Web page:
David Shipler's The Working Poor: Invisible in America (New York: Alfred A. Knopf 2004) provides incredible insight into the lives of low-income working people in the United States today. Shipler's book and his research are the most important on the subject in the past 40 years. Central Dallas Ministries enjoyed having him as our guest speaker at our annual Urban Ministries Prayer Event two years ago.
Listen to Shipler's jarring testimony:
"Most of the people I write about in this book do not have the luxury of rage. They are caught in exhausting struggles. Their wages do not lift them far enough from poverty to improve their lives, and their lives, in turn hold them back. The term by which they are usually described, 'working poor,' should be an oxymoron. Nobody who works hard should be poor in America (p. ix).
"Workers at the edge of poverty are essential to America's prosperity, but their well-being is not treated as an integral part of the whole. Instead, the forgotten wage a daily struggle to keep themselves from falling over the cliff. It is time to be ashamed" (p. 300).
Shipler would be proud of the Los Angeles City Council.
The legislative body approved a living wage ordinance for the 3,500 hotel workers employed in the Gateway Improvement District near L. A. International Airport. Eleven of the 14- member City Council voted recently to extend the city's 1997 living wage law to 3,500 workers in the LAX hospitality industry.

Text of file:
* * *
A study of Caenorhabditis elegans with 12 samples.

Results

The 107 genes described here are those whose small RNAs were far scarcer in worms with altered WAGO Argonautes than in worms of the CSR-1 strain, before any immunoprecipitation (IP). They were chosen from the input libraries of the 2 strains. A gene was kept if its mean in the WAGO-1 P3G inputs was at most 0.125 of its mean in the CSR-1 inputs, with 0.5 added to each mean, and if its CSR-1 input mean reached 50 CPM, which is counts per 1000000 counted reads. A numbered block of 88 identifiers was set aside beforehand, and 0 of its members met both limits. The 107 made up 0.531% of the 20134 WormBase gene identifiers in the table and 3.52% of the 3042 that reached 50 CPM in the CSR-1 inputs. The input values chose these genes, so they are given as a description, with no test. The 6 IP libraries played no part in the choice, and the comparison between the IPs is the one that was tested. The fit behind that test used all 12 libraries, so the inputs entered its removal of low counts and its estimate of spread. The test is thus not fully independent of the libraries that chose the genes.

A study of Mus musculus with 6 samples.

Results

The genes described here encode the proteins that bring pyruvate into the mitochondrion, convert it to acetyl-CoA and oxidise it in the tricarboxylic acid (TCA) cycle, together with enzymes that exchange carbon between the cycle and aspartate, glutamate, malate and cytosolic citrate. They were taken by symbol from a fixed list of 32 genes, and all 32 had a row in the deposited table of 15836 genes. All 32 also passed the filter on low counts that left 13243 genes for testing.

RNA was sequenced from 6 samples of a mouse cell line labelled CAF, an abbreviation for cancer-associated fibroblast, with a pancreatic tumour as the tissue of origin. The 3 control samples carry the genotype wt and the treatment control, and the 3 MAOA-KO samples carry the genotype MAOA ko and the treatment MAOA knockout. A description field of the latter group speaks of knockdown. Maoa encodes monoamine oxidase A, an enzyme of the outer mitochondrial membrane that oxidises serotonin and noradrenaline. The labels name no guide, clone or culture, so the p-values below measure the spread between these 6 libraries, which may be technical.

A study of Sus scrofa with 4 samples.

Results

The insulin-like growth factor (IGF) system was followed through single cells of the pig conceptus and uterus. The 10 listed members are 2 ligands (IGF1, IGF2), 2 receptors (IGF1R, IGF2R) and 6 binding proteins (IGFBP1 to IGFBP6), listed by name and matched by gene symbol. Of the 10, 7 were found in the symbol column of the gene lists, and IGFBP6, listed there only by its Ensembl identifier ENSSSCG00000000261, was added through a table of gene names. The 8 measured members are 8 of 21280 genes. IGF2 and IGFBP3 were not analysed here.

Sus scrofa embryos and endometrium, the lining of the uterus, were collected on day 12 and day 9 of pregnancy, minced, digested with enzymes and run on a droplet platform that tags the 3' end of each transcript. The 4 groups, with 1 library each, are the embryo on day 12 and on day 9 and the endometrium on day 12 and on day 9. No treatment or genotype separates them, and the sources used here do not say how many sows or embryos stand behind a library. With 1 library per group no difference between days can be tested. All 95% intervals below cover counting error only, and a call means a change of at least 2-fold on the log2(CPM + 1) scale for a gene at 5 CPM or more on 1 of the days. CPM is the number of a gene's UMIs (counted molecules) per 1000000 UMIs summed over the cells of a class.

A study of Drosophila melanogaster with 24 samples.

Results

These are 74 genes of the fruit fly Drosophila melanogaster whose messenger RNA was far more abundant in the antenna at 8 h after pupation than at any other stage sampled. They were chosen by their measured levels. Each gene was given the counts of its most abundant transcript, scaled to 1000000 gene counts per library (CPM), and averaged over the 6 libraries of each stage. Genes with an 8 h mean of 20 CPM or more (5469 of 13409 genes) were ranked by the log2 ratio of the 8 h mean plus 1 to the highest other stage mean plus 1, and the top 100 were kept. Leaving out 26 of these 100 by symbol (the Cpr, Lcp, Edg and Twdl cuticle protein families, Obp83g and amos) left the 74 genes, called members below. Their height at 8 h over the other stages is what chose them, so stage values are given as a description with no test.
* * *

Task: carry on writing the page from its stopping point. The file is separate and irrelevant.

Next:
The groundbreaking vote makes Los Angeles the largest city in the country to require employers that don't do business directly with the city to pay their workers a living wage.
This extension of the living wage ordinance will affect 13 hotels on Century Boulevard. The law will increase wages for workers to $9.39 per hour with health benefits and $10.64 per hour without health benefits.
In addition, the council passed a worker retention ordinance that insures hotel employees will be able to keep their jobs 90 days after a hotel changes ownership. City lawmakers also enacted rules requiring hotels to give service charges imposed on banquet guests to servers.
The Los Angeles Times reported that current average earnings for Century Boulevard hotel workers is 20% lower than those in downtown hotels and 22 percent lower than in East San Fernando Valley and Burbank hotels. Low wages at Century Boulevard hotels contribute to poverty in the nearby communities of Lennox, Inglewood and Hawthorne, where a large number of these workers live.
Local news media report that in the last two years occupancy rates at Century Boulevard hotels has increased 16 percent -- the highest in L.A. County. The hotels are doing very well.
"Today's historic vote is a win-win for everyone," said Councilman Bill Rosendahl. "The living wage for the hotel workers is a matter of social justice, as well as a matter of good business sense. Treating workers fairly and improving working conditions will benefit hotels and drive economic activity along Century Boulevard. Today's vote will help all boats rise together."
I agree with the Councilman. And, I applaud the hard work of Council member Janice Hahn, one of the driving forces behind the new regulations.
I'm not sure who it was who first said it, but I agree completely with the familiar line, "The very best program of social uplift possible is a job that pays a living wage!"
Like I said, David Shipler should be very pleased.